Canadian artist, songwriter and author Vivek Shraya has reasons to be afraid, but also to celebrate. Her new book, I’m Afraid of Men, comes out this September.
The book explores Shraya’s emotional experiences navigating the roles and attributes of masculinity put on her as a boy, how those experiences affect her now as a trans woman – and how we can embrace our differences. In addition to novels, Shraya is the author of a poetry collection, even this page is white, and the children’s book, The Boy & the Bindi.
We’re excited to host the launch of Shraya’s new book on September 5 at 7 pm in Baillie Court, when Canada’s Queen of R&B Soul Jully Black will join Shraya for a lively conversation. In anticipation, we chatted with Shraya to learn more about her new book, her love of writing and which art at the AGO inspires her.
AGO: As a multidisciplinary artist who works in many mediums, what drew you to writing?
Shraya: Music is my primary art discipline. But writing gave me a freedom I hadn’t yet known in songwriting. I felt safe to write about themes like sexuality, gender, race and religion in a way that I didn’t in pop music.
AGO: In your new book, I’m Afraid of Men, you write about your experiences with masculinity and identity starting from childhood. How has the experience changed in adulthood?
Shraya: The biggest change in my relationship with masculinity in adulthood is that I am transgender, so now I’m encountering masculinity as a woman. This has involved re-examining harmful behaviours and attitudes that I once engaged in and held when I was a man. It’s been an interesting and eye-opening experience.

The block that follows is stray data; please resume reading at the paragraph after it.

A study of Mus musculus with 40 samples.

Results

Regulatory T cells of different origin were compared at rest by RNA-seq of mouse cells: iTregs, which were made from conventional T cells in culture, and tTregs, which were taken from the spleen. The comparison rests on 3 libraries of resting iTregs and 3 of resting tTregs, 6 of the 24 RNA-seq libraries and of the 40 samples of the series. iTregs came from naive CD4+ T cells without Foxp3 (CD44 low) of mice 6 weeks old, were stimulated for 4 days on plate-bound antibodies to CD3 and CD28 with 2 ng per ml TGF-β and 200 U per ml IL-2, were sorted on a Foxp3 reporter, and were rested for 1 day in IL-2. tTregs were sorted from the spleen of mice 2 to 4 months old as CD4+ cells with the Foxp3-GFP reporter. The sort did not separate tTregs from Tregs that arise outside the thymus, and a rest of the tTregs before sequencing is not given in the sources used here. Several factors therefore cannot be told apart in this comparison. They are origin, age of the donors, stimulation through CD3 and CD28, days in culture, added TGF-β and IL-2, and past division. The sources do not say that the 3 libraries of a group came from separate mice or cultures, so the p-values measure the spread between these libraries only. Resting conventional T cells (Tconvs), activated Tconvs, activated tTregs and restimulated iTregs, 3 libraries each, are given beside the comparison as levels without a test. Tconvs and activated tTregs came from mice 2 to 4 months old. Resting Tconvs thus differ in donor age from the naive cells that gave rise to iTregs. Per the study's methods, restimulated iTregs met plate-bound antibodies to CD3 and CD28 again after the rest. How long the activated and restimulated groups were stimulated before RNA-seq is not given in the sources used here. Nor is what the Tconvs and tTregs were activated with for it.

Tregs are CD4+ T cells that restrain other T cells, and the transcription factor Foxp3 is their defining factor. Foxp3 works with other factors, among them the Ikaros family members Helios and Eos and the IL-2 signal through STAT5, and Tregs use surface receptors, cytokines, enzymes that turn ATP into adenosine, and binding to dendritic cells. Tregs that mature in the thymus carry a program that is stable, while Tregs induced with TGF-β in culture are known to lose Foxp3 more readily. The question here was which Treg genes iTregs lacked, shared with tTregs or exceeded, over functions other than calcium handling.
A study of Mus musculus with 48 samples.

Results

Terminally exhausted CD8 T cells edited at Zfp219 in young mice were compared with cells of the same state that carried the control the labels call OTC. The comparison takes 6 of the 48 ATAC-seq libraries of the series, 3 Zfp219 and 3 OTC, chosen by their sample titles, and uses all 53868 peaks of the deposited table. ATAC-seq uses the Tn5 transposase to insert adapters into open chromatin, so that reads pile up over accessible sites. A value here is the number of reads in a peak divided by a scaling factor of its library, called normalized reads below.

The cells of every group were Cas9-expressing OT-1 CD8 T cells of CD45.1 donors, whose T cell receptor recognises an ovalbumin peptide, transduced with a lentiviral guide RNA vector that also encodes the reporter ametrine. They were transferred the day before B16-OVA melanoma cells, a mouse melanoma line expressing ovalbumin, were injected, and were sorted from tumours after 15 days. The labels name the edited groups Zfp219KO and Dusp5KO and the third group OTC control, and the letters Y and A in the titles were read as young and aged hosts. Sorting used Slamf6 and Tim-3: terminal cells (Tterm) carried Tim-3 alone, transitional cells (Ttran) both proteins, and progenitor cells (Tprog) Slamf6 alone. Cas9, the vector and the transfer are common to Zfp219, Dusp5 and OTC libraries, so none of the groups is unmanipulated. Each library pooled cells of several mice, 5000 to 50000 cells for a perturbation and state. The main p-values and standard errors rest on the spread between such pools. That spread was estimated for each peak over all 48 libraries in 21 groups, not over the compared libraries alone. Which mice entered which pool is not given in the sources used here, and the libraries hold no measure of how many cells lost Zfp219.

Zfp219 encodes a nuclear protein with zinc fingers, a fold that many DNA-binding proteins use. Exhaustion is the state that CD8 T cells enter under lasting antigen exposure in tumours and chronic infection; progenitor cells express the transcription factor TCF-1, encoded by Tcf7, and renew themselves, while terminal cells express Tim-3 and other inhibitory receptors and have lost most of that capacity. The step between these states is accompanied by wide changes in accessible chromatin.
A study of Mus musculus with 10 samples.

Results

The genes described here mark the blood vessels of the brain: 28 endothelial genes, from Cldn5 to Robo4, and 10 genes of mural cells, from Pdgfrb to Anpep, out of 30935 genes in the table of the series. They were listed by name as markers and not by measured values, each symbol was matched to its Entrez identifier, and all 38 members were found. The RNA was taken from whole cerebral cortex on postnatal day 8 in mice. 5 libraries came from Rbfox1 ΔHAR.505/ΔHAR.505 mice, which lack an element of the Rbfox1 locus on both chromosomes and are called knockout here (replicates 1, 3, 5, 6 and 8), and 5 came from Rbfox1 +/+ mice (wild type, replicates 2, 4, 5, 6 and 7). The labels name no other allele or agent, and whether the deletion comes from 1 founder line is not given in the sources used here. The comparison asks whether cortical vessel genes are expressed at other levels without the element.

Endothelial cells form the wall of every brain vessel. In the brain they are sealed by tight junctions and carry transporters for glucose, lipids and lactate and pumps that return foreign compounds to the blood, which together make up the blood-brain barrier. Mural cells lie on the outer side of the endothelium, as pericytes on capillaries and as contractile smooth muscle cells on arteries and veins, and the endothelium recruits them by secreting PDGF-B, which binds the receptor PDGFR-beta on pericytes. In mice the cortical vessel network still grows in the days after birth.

AGO: How did the process of writing I’m Afraid of Men differ from your previous books?
Shraya: Despite all my books borrowing from my own life experiences, they’ve been mostly framed under the banner of fiction. This was my first non-fiction book and it was freeing to name these ideas and experiences directly instead of framing them in fictional contexts.
AGO: What would you like people attending your book launch to learn?
Shraya: Although I’m an educator and believe in the power of art (and this book) as a place for learning, I’m hoping the launch is an opportunity to celebrate this book, and my resilience in living to write it.
AGO: Do you have a favourite piece of art at the AGO?
Shraya: My favourite works at the AGO are by Canadian Inuk artist Annie Pootoogook, and Canadian Cree artist Kent Monkman.
(Select works by Annie Pootoogook are available for viewing on Wednesdays from 1-4:30 in the Prints and Drawings Study Centre, and works by Kent Monkman are currently on view in the newly reopened J.S. McLean Centre for Indigenous & Canadian Art.)
Don’t miss the conversation with Vivek Shraya and Jully Black on September 5 at 7 pm. Book your free tickets now.